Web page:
Taliban without al Qaeda? Don’t bet on it
If the Taliban took over Afghanistan, would al Qaeda again have a safe haven? I think so. The time to drive a wedge betwixt the two was back in 2002-2003, after the American invasion, when both groups had fled Afghanistan in disarray, and were licking their wounds and reproaching each other as they hid in ...
If the Taliban took over Afghanistan, would al Qaeda again have a safe haven? I think so. The time to drive a wedge betwixt the two was back in 2002-2003, after the American invasion, when both groups had fled Afghanistan in disarray, and were licking their wounds and reproaching each other as they hid in Pakistani frontier villages.
That thought is provoked by an article in today’s New York Times and by a series of interesting interviews with Taliban members recently carried by Newsweek. After the U.S. arrived, notes one Talibaner interviewed:
The Arabs were disappointed the Taliban hadn’t stood and fought. They told me they had wanted to fight to the death. They were clearly not as distressed as the Afghans. This was understandable. The Arabs felt they had lost a battle. But the Afghans were much more devastated-they had lost a country.”
The groups began rebuilding, the same Talibani recalls, by using raids and even funerals as recruiting and fund-raising tools. After one cross-border raid against an American outpost, he recalled:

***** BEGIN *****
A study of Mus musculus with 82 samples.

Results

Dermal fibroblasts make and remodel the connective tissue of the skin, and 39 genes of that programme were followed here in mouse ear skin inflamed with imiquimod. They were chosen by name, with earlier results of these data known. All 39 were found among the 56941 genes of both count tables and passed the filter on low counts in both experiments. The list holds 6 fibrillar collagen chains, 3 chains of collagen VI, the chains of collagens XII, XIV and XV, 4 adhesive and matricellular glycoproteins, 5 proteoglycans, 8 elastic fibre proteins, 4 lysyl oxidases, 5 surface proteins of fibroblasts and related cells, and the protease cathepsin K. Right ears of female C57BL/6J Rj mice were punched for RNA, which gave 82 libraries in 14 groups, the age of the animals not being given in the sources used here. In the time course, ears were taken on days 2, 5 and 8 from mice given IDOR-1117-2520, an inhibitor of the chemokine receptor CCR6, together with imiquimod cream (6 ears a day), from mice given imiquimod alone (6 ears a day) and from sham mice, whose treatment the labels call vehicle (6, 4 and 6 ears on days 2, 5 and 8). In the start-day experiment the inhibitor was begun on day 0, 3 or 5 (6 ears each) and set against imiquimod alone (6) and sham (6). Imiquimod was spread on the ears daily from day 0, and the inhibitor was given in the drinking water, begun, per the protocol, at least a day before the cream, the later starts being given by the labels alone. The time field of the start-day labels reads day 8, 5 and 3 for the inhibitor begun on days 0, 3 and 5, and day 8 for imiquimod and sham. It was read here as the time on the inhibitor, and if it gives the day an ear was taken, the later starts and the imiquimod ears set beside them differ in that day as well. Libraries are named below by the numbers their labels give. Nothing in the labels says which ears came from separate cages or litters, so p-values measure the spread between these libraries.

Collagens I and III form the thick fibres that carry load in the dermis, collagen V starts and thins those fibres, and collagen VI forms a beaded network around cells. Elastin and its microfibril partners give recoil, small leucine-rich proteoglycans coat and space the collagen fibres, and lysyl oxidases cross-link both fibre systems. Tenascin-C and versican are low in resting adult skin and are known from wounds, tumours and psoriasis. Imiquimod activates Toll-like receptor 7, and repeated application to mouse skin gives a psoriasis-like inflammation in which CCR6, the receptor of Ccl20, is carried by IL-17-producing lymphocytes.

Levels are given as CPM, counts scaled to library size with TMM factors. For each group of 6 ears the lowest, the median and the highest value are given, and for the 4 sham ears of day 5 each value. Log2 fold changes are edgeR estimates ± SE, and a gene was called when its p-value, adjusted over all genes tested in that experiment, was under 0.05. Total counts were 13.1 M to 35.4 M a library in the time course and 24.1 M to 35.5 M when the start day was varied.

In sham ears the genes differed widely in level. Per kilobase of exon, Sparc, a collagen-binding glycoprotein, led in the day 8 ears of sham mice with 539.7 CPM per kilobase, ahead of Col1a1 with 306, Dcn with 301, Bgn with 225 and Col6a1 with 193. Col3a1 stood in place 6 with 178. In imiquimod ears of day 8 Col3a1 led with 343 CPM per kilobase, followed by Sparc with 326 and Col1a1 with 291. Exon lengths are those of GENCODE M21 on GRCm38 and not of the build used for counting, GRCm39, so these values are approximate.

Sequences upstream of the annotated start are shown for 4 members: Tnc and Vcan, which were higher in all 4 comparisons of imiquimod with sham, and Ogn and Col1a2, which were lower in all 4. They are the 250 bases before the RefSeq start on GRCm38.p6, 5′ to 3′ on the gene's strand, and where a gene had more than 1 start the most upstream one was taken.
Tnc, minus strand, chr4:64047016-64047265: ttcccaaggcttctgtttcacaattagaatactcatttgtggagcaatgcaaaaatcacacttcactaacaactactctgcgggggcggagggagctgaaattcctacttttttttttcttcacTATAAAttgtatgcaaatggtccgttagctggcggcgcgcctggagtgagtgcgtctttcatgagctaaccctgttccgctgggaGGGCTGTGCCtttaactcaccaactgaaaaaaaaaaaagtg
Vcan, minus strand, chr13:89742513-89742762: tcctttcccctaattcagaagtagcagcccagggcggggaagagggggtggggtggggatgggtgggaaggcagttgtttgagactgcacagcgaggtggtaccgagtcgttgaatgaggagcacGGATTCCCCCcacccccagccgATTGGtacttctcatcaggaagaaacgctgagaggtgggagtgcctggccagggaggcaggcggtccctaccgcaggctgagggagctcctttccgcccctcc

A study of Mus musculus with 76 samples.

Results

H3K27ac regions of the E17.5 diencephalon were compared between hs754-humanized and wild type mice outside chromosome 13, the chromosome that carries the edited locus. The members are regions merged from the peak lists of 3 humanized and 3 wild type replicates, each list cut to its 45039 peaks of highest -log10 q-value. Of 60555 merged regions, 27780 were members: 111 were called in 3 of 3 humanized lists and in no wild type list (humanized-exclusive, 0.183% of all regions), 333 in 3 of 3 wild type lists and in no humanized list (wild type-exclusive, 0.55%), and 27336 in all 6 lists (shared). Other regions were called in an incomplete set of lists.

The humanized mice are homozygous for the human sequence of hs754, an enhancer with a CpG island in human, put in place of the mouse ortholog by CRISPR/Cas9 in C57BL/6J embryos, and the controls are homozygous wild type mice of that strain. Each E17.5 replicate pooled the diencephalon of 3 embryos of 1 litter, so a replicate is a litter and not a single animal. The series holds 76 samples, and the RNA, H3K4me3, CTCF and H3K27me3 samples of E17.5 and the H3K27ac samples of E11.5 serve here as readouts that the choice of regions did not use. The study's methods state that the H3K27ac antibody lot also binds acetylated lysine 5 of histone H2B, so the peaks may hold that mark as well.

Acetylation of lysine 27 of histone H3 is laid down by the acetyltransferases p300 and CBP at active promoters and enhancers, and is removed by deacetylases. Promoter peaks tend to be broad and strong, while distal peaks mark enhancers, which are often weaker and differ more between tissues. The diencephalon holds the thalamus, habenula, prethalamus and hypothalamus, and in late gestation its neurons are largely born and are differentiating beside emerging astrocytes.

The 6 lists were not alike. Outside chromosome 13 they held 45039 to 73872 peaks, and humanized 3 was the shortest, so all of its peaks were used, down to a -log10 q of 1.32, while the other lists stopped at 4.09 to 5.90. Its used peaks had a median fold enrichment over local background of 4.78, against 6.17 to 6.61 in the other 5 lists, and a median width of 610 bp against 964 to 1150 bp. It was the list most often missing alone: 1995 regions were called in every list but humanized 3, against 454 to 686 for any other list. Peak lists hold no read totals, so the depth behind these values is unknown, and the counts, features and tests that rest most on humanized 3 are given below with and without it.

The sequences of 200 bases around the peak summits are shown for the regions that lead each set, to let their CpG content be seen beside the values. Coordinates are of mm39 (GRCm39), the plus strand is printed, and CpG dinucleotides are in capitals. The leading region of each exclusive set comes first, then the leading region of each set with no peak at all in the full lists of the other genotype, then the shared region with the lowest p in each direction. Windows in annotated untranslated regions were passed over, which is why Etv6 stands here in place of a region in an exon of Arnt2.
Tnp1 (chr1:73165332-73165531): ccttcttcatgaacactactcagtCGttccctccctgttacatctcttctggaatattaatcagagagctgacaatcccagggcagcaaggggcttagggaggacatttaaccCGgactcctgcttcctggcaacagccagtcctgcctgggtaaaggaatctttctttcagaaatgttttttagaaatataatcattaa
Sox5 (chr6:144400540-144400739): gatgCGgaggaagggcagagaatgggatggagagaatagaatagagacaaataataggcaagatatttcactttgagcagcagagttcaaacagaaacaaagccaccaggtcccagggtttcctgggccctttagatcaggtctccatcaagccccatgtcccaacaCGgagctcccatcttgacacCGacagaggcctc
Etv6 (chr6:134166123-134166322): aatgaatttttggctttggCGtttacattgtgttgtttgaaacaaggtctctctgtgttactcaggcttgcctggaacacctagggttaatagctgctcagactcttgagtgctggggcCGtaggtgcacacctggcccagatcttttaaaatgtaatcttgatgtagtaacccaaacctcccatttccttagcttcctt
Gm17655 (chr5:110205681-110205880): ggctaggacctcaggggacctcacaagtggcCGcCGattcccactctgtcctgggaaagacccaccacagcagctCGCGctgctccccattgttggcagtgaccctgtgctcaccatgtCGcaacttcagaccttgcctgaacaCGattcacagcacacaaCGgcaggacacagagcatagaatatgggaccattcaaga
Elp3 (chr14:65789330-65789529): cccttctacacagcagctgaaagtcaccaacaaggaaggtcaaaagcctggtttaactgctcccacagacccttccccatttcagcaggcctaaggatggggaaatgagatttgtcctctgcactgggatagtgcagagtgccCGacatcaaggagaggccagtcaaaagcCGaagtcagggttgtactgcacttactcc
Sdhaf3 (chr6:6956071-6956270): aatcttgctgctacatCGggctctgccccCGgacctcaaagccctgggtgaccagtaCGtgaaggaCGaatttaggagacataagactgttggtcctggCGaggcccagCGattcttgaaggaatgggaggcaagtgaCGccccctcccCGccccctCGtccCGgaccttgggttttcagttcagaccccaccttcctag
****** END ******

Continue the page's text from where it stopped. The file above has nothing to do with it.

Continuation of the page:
We carried the stiff and bloodied bodies of our martyrs back to Wana. Thousands of locals attended their funerals. … As the news traveled, a lot of former Taliban began returning to Wana to join us.
Another Taliban member says they benefited from American violence and the abuses of the Kabul government:
The Afghan Taliban were weak and disorganized. But slowly the situation began to change. American operations that harassed villagers, bombings that killed civilians, and Karzai’s corrupt police were alienating villagers and turning them in our favor. Soon we didn’t have to hide so much on our raids. We came openly. When they saw us, villagers started preparing green tea and food for us. The tables were turning. Karzai’s police and officials mostly hid in their district compounds like prisoners.
As the old John Hiatt song laments, this is the way we make a broken heart. Or rather, this is the way we allowed a medieval bunch of Afghan hillbillies to re-group while we distracted ourselves with an unnecessary war in Iraq.
SAEED KHAN/AFP/Getty Images
Thomas E. Ricks is a former contributing editor to Foreign Policy. Twitter: @tomricks1
More from Foreign Policy
Chinese Hospitals Are Housing Another Deadly Outbreak
Authorities are covering up the spread of antibiotic-resistant pneumonia.
Henry Kissinger, Colossus on the World Stage
The late statesman was a master of realpolitik—whom some regarded as a war criminal.
The West’s False Choice in Ukraine
The crossroads is not between war and compromise, but between victory and defeat.
Washington wants to get tough on China, and the leaders of the House China Committee are in the driver’s seat.